There are many processes at work during the charging and discharging of a lithium-ion battery, some of which are still not fully understood despite the technology’s growing prevalence.
Observing such events could unlock ways of improving performance but is no easy task given the complex structure of lithium-ion batteries and the limitations of microscope technology.
Scientists at Moscow’s Skoltech Center for Energy Science and Technology have developed a way to take a closer look at one such process – the formation of a solid-electrolyte interphase (SEI), which the researchers described as a “thin layer of electrolyte reduction products formed on the surface [of] a lithium-ion battery anode during several initial cycles.”
The formation of such films, according to the Skoltech group, is vital to mitigate battery degradation. However, in-situ measurement of the formation of SEI has proven difficult, and replacing commercial battery materials with more uniform alternatives in the lab has been the only way to achieve results.
“Battery-grade materials are powders and visualizing dynamic processes on their surface by AFM [atomic force microscopy], especially in [a] liquid environment, is challenging,” said Skoltech scientist Sergey Luchkin. “A standard battery electrode is too rough for such measurements and isolated particles tend to detach from [the] substrate during scanning. To overcome this issue, we embedded the particles into epoxy resin and made a cross-section so the particles were firmly fixed in the substrate.”
In addition to highly-oriented pyrolytic graphite – one of the more uniform carbon materials previously used to study SEIs – the Skoltech group applied its cross-section process to electrodes of mesocarbon microbead graphite and non-graphitizable amorphous carbon, enabling the researchers to observe formation of the SEI layer and assess its electrical and mechanical properties.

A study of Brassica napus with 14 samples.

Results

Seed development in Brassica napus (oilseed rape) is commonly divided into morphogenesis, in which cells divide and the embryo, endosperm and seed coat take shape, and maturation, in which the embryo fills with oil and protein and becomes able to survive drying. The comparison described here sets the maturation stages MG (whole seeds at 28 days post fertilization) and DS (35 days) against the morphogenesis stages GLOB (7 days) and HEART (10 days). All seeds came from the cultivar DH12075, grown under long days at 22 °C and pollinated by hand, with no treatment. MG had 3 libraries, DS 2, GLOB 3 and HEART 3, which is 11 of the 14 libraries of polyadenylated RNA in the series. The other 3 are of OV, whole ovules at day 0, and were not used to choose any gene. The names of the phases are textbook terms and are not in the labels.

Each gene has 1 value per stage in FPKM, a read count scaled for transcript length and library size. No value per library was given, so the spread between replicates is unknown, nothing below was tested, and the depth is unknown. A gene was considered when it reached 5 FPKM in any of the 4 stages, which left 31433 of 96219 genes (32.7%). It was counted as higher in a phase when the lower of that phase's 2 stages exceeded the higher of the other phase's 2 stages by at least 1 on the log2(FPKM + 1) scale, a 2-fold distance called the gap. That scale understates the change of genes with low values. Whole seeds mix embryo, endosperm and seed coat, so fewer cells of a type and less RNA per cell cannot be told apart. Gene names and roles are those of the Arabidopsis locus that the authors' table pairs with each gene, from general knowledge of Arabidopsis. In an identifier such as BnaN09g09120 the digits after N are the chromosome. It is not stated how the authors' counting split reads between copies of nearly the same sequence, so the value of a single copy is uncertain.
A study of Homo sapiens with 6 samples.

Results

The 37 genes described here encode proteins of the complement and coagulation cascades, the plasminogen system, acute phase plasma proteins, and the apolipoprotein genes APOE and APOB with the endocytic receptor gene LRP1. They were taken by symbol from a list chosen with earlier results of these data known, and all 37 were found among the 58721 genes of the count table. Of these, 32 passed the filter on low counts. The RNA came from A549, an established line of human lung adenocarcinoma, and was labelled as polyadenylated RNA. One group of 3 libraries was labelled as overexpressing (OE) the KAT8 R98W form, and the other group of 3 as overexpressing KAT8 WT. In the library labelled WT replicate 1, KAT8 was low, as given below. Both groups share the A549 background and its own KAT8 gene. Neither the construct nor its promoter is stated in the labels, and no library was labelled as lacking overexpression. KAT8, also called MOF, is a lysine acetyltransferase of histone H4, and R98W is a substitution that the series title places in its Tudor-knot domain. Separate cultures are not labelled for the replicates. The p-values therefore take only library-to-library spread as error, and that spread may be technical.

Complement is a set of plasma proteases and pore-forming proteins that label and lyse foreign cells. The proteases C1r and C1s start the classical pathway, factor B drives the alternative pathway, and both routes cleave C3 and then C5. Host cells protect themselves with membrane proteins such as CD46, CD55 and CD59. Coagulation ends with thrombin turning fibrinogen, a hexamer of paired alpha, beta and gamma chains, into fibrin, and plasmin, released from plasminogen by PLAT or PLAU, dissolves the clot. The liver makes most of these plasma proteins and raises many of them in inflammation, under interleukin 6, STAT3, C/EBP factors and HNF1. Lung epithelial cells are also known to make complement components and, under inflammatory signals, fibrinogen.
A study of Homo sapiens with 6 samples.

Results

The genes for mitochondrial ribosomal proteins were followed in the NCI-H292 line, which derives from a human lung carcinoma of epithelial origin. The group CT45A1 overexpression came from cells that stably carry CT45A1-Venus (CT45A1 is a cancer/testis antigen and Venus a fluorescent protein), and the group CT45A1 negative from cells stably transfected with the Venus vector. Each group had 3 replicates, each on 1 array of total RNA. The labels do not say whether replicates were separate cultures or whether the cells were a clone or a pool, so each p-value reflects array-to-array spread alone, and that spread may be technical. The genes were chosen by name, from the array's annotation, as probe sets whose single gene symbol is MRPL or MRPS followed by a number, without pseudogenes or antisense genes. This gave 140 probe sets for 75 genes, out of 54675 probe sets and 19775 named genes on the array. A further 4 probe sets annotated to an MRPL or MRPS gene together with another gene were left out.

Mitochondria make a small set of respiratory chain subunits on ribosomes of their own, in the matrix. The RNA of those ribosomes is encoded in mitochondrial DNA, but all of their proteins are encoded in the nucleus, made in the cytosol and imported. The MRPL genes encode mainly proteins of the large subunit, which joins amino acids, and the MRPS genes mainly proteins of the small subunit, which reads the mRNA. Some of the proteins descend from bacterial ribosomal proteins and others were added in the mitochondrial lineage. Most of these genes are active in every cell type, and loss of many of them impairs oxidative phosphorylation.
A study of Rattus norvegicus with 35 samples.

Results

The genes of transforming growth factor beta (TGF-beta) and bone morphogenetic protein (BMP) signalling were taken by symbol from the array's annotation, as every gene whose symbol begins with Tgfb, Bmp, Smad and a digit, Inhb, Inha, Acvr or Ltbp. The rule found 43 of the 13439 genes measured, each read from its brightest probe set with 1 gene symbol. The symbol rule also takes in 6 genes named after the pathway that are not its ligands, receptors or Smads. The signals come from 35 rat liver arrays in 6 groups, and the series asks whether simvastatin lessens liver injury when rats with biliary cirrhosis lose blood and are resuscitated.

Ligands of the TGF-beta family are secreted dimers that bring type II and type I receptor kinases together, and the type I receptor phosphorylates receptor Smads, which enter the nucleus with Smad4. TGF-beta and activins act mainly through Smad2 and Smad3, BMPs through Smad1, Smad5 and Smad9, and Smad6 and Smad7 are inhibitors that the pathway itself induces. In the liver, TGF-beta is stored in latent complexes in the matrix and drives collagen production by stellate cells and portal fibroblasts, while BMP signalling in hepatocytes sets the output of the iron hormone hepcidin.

The results, published in Scientific Reports, show the conditions for SEI formation differ significantly depending on electrode material. SEI adhesion was found to correlate with the surface roughness of an electrode. Rougher surfaces were found to prompt reduced degradation as the SEI is able to penetrate into the more porous surface and achieve better adhesion.
The cross-section approach was also applied to lithium-manganese-cobalt cathodes and these exhibited no sign of SEI layer formation. That result, according to the scientists, suggested future research should acknowledge fundamental differences in stabilization mechanisms between anode and cathode in a Li-ion battery.
“Spatially-resolved investigations of battery interfaces and interphases, detailed in this work, provide significant new insights into the structure and evolution of the anode SEI,” said Skoltech professor Keith Stevenson. “Therefore, they provide firm guidelines for rational electrolyte design to enable high-performance batteries with improved safety.”